Coke and Pepsi are responsible for a dramatic increase in packaging waste over the last ten years, which is hurting taxpayers and the environment, according to a new campaign by environmentalists in the US.

The two groups The Container recycling Institute and the Grassroots Recycling Network have taken out an advertisement in the New York Times today accusing the two drinks giants of "trashing America".

Coke and Pepsi waste from used aluminum cans, plastic and glass bottles doubled between 1992 and 2000, according to industry data. A financial incentive is urgently needed to reverse the decline in bottle and can recycling rates. Ten states with refundable deposits on beverage containers recycle more bottles and cans than the other 40 states put together, at almost no cost to taxpayers," Pat Franklin, executive director of the Container Recycling Institute, said today.

"We've chosen to launch a new national campaign in New York City today because decisions here about handling beverage containers have national implications. New York State is one of ten states with a beverage container deposit law, popularly known as the bottle bill. Deposit laws achieve the highest rates of recycling in the nation -- 78 percent on average. Coke and Pepsi have fought these laws for more than 30 years, and want to roll back this sound environmental policy," Franklin said.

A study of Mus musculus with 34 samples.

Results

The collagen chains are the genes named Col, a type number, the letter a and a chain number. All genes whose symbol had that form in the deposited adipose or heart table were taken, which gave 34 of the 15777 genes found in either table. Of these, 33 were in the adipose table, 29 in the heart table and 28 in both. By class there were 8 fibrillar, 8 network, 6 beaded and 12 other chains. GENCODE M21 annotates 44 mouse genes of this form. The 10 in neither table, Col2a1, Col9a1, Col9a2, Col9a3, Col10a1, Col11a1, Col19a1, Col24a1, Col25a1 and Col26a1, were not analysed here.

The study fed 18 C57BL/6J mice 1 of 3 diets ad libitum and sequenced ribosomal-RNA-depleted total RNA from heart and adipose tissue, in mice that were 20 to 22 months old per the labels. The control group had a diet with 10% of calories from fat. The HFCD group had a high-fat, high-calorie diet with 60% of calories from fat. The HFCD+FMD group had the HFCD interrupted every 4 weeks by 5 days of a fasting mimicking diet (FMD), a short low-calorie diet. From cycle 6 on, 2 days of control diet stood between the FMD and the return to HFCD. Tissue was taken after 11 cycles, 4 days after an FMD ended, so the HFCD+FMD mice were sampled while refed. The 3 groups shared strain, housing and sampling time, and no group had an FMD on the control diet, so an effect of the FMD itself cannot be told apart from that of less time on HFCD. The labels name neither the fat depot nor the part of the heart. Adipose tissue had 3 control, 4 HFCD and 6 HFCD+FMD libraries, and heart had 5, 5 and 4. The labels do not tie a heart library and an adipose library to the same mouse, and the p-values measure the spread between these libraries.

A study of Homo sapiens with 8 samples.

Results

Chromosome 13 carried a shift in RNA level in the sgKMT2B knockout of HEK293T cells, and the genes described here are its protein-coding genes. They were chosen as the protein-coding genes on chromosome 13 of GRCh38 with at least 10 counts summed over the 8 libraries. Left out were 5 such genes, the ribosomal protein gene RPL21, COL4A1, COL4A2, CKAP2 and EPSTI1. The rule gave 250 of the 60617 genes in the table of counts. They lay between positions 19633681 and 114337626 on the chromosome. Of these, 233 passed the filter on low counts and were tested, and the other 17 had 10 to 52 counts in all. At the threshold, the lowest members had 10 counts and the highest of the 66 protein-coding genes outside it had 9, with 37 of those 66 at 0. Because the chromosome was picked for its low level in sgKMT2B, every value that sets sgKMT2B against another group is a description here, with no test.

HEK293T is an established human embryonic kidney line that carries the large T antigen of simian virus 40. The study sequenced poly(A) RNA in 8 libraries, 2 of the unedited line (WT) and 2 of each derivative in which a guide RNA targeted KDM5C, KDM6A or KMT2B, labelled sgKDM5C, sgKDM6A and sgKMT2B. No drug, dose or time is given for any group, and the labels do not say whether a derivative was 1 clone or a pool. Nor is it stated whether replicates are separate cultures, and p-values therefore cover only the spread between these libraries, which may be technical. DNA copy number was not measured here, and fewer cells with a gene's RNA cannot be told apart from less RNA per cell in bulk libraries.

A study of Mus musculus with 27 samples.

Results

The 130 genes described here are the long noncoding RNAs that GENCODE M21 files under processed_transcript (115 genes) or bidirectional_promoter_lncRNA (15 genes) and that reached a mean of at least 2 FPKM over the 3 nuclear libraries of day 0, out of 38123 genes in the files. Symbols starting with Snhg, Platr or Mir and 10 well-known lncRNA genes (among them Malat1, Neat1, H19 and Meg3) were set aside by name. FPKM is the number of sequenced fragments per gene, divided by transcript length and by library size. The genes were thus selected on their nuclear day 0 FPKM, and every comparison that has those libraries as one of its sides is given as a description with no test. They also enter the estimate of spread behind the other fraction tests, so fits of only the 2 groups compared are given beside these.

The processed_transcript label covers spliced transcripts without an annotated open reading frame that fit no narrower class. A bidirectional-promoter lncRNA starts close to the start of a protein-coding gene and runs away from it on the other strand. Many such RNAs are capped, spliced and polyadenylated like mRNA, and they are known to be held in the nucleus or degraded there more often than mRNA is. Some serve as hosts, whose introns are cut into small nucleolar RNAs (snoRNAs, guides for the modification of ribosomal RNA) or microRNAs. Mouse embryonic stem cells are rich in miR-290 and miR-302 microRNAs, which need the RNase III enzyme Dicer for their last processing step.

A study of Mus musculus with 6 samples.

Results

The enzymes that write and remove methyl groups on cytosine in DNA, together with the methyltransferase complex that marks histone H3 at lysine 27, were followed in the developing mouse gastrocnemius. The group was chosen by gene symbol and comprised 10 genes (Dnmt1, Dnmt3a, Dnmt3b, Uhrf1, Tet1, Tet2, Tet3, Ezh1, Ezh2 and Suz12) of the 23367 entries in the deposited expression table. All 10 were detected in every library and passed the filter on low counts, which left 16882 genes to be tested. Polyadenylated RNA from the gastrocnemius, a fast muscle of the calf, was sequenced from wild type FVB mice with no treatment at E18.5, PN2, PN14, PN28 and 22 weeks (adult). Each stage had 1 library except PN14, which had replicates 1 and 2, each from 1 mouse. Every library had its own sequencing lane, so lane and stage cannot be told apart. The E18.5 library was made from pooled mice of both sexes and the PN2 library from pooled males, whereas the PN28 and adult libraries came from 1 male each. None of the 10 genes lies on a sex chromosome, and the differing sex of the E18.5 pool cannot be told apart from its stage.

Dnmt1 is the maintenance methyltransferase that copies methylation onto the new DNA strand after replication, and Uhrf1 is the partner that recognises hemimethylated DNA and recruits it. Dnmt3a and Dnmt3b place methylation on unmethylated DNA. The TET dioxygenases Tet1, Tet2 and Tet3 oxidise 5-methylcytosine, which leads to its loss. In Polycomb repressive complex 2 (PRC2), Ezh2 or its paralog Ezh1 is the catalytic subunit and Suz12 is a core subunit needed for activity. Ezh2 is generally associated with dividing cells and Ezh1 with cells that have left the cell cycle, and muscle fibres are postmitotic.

"We believe that companies producing and selling beverages must be made accountable for their packaging waste. The principle is known as producer responsibility, which is a growing trend in policies adopted around the world," GrassRoots Recycling Network Executive Director Bill Sheehan said.

"Our goal is achieving an 80 percent national recycling rate for aluminum cans, plastic and glass bottles, roughly double the current rate," Sheehan said.